Tuesday, March 3, 2015

Wyoming Wild Horse Roundup Legality Argued before Federal Judge

Straight from the Horse's Heart

Source: Multiple
“BLM is crafting an exception Congress didn't write.”
BLM terrorizing what's left of Wyoming's wild horses. ~ photo by Carol Walker of Wild Horse Freedom Federation
BLM terrorizing what’s left of Wyoming’s wild horses. ~ photo by Carol Walker ofWild Horse Freedom Federation

Attorneys argued Monday over whether a wild horse roundup on western Wyoming rangelands conducted last year complied with or violated federal law that carries different requirements for such roundups depending on whether the horses are on federal or private land.
The roundup of 1,263 horses in late September and early October occurred in what is called a Checkerboard, a vast area of sagebrush high desert named for its square-mile squares of private land interspersed with same-sized squares of public land.
Wild horse advocates from the Cloud Foundation and Carol Walker from Wild Horse Freedom Federation, who digitally documented the roundup, sued alleging the stampede violated laws including the Wild Free-Roaming Horses and Burros Act. The act requires the U.S. Bureau of Land Management to maintain wild horses on public land yet round them up from private land when asked to do so by private landowners.
Few fences exist in the vast Checkerboard area east and south of Rock Springs and wild horses crisscross the public-private boundaries at will.
The BLM violated the wild horse act first by failing to determine beforehand the area had too many horses and then by rounding up more horses than their herds’ pre-established minimum population thresholds, attorney William Eubanks told U.S. District Judge Nancy Freudenthal.
Both are requirements under the wild horse act for roundups on public land.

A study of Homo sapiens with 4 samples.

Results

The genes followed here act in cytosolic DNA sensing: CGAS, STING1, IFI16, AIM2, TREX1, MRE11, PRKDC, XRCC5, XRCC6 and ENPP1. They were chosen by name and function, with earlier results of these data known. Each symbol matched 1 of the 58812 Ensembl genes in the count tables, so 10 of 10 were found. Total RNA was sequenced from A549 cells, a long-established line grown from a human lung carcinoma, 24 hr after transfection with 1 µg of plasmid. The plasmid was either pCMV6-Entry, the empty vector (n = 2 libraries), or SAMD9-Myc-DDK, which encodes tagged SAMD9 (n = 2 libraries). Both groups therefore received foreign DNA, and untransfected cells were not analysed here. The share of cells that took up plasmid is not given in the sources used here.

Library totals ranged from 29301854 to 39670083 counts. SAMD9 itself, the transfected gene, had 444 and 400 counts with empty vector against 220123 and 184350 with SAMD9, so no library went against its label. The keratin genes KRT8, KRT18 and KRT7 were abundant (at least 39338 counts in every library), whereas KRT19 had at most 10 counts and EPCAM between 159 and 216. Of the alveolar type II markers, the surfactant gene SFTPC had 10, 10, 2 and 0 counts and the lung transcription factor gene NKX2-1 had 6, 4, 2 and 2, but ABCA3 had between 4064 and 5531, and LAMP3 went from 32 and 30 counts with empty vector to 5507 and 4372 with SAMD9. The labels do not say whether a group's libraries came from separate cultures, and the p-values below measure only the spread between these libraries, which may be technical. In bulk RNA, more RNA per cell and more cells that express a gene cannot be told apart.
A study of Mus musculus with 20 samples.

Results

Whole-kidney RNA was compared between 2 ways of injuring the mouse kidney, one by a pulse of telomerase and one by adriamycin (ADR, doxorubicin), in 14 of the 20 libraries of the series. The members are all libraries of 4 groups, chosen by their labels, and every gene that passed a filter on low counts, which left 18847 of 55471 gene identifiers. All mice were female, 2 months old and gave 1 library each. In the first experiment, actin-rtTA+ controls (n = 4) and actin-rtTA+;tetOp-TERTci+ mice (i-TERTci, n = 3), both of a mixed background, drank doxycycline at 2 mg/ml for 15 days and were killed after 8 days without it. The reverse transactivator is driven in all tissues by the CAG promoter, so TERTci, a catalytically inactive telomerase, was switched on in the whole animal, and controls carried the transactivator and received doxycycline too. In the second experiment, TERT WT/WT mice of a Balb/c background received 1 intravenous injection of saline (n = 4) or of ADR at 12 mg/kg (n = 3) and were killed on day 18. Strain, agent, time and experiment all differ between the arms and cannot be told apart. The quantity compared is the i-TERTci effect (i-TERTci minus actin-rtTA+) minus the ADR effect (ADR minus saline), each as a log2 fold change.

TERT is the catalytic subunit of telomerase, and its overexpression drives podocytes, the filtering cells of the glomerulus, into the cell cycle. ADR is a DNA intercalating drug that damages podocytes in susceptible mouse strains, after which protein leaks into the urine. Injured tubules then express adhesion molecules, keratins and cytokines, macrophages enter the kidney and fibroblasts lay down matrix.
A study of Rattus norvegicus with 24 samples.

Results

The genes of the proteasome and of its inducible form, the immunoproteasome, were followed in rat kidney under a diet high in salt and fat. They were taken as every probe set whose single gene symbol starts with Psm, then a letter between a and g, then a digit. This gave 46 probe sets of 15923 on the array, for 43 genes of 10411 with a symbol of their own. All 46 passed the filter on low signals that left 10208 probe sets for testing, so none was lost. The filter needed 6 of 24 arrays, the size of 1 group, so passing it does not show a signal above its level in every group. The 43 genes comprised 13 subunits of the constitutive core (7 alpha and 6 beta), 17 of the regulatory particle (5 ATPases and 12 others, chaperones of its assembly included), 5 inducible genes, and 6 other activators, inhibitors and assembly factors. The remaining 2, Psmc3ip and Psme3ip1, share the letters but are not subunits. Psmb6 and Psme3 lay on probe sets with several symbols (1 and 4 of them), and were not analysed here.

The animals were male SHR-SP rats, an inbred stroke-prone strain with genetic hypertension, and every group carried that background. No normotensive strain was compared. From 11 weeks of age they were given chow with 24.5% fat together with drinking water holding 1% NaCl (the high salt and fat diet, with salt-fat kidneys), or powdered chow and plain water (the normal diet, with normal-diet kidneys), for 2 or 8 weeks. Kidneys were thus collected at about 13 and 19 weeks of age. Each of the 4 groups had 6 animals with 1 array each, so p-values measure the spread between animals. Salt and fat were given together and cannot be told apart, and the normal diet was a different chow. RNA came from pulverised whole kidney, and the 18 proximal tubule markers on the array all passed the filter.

“There are few statutes which are as clear as the provisions in this statute are,” Eubanks said. “BLM is crafting an exception Congress didn’t write.”
He suggested the BLM could have carried out a roundup that met the requirements of the act and then released some horses outside the Checkerboard, but still within their herd management areas, to maintain the required minimum in each herd.
An attorney for the federal government argued the horse advocates’ case is moot because the roundup is over and done with and no further roundups in the Checkerboard are planned.
“Do we have a reasonable expectation we’re going to bump into this again? We don’t know,” attorney Coby Howell told Freudenthal.
He said the wild horse act doesn’t address what to do about wild horses in an area like the Checkerboard and suggested that horses rounded up and released could be back on private Checkerboard lands owned by the Rock Springs Grazing Association within days or even hours.
“He wants to capture those horses, move them a couple hundred yards and turn them loose,” Howell said of Eubanks’ argument.
Not so — the BLM could release rounded-up horses up to 70 miles away from any private lands, Eubanks said on rebuttal.
The grazing association, a ranchers group, sued in 2011 to force the BLM to remove all wild horses from the association’s lands, including the Checkerboard lands, in accordance with the wild horse and burro act. The BLM resolved the lawsuit by generally agreeing to the demands.
Now the grazing association and state of Wyoming have intervened in the case on the federal government’s side. Disputes between the BLM and association over wild horses in the Checkerboard date to the 1970s. In 1981, they were resolved, at least temporarily, by a federal judge’s order that applied to horses on both public and private lands in the Checkerboard, pointed out grazing association attorney Connie Brooks.
“You could argue that BLM should have redone the agreement but that’s not what was done,” Brooks told Freudenthal.
Freudenthal took the arguments under advisement and will rule later.